Samsung will cut production at its last remaining smartphone factory in China, as its loses ground on domestic rivals.
The reduction comes just six months after the South Korean firm announced the closure of its factory in Tianjin.
Another factory in Shenzhen closed in April.
Samsung has struggled against rising labour costs and stiffer competition from domestic rivals such as Huawei and Xiaomi, which offer competitive models at a cheaper price.
The Huizho factory, which had more than 6,000 workers, produced 63m smartphones in 2017 – 17 per cent of Samsung’s production that year, according to Caixin, a Chinese financial news site.
The world’s biggest smartphone maker has seen its share of the Chinese market shrink from about 20 per cent in 2013 to less than one per cent today, according to Strategy Analytics.
Paolo Pescatore, an analyst for PP Foresight, said: “The factory closure highlights the intense competitive landscape and the ongoing challenges of competing with Chinese rivals”.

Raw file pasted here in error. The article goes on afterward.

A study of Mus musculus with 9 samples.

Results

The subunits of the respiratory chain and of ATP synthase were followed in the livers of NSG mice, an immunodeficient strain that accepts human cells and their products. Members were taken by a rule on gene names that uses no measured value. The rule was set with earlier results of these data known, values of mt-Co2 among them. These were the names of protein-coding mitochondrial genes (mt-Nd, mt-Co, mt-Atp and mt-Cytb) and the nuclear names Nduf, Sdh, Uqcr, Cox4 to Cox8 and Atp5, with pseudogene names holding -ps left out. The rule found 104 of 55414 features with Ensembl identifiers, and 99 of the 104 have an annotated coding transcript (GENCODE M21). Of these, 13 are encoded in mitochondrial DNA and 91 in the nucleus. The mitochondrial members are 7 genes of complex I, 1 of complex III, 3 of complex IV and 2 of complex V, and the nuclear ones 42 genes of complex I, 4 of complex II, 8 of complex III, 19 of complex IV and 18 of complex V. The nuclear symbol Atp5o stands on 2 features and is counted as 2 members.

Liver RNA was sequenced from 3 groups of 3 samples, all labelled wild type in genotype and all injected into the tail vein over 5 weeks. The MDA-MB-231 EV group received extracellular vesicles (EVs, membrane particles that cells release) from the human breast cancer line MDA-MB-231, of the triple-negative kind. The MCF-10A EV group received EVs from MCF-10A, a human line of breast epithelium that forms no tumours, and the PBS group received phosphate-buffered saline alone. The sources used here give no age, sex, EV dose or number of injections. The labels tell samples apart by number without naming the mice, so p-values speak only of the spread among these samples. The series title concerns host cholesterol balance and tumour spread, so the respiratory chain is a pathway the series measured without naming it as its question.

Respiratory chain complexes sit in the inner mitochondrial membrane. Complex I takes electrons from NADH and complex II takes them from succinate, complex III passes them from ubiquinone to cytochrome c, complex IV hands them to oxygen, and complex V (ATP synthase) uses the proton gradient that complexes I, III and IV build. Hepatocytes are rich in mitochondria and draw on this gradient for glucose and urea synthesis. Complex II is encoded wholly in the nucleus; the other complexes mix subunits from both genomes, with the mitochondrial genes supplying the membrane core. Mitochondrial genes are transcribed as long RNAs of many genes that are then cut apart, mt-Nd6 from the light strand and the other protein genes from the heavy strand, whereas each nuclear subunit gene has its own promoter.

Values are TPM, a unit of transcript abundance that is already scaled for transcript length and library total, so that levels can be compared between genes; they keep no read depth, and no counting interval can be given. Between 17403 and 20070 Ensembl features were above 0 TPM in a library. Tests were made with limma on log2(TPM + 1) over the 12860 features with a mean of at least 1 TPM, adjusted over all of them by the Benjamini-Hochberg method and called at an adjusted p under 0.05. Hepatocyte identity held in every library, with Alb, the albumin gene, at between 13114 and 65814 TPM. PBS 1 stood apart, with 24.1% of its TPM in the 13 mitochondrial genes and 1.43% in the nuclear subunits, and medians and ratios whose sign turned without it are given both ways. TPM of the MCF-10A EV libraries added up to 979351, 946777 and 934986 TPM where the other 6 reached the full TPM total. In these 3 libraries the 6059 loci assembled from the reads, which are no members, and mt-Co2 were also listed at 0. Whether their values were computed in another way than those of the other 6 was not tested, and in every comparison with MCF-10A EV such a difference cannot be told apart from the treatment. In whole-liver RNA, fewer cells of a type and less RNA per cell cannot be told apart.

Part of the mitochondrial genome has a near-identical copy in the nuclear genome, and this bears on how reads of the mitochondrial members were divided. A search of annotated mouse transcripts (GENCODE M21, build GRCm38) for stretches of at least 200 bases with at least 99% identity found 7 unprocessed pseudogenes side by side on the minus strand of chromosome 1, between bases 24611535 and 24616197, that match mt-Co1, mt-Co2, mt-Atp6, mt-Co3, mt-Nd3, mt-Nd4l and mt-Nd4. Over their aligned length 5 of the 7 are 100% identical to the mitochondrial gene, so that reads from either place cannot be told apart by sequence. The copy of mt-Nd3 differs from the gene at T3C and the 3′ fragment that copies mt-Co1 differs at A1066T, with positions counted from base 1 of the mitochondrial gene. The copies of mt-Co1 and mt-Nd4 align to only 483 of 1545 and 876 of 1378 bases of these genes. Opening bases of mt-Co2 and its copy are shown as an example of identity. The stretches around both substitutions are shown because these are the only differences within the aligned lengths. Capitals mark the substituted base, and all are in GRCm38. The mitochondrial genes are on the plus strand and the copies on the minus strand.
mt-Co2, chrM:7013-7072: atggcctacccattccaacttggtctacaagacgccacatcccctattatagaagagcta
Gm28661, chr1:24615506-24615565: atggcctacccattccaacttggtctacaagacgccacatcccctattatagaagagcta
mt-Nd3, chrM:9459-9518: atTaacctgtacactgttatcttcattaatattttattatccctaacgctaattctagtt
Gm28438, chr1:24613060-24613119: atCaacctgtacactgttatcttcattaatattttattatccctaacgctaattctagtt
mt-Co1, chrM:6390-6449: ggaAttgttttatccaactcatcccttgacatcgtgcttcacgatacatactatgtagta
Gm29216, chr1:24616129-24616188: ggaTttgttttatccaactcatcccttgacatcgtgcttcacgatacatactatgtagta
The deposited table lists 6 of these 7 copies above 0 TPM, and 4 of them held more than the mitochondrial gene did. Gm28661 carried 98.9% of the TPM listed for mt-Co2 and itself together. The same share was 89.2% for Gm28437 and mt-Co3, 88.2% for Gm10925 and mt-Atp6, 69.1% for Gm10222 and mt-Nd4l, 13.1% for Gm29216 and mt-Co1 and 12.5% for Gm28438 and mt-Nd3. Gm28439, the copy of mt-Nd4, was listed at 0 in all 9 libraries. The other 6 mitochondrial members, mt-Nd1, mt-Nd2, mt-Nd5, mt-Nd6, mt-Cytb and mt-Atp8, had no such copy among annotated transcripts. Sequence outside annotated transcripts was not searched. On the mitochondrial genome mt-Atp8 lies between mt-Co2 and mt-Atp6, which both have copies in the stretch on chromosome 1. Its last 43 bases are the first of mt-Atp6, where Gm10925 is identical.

“It should not have a negative impact on [Samsung’s] global operations,” he added.
Samsung has been moving its smartphone production to Vietnam and India.
It has two factories in Vietnam that produce about half its global phone output. Last year, it opened the world’s largest mobile phone factory in India.
The global smartphone market is slowing down with worldwide shipments falling 4.1 per cent to 1.4bn units, according to IDC. Samsung’s shipments fell to 292m units – down eight per cent.
By comparison, Chinese firms Huawei and Xiaomi have seen their shipments surge by almost a third.
City A.M. has approached Samsung for comment.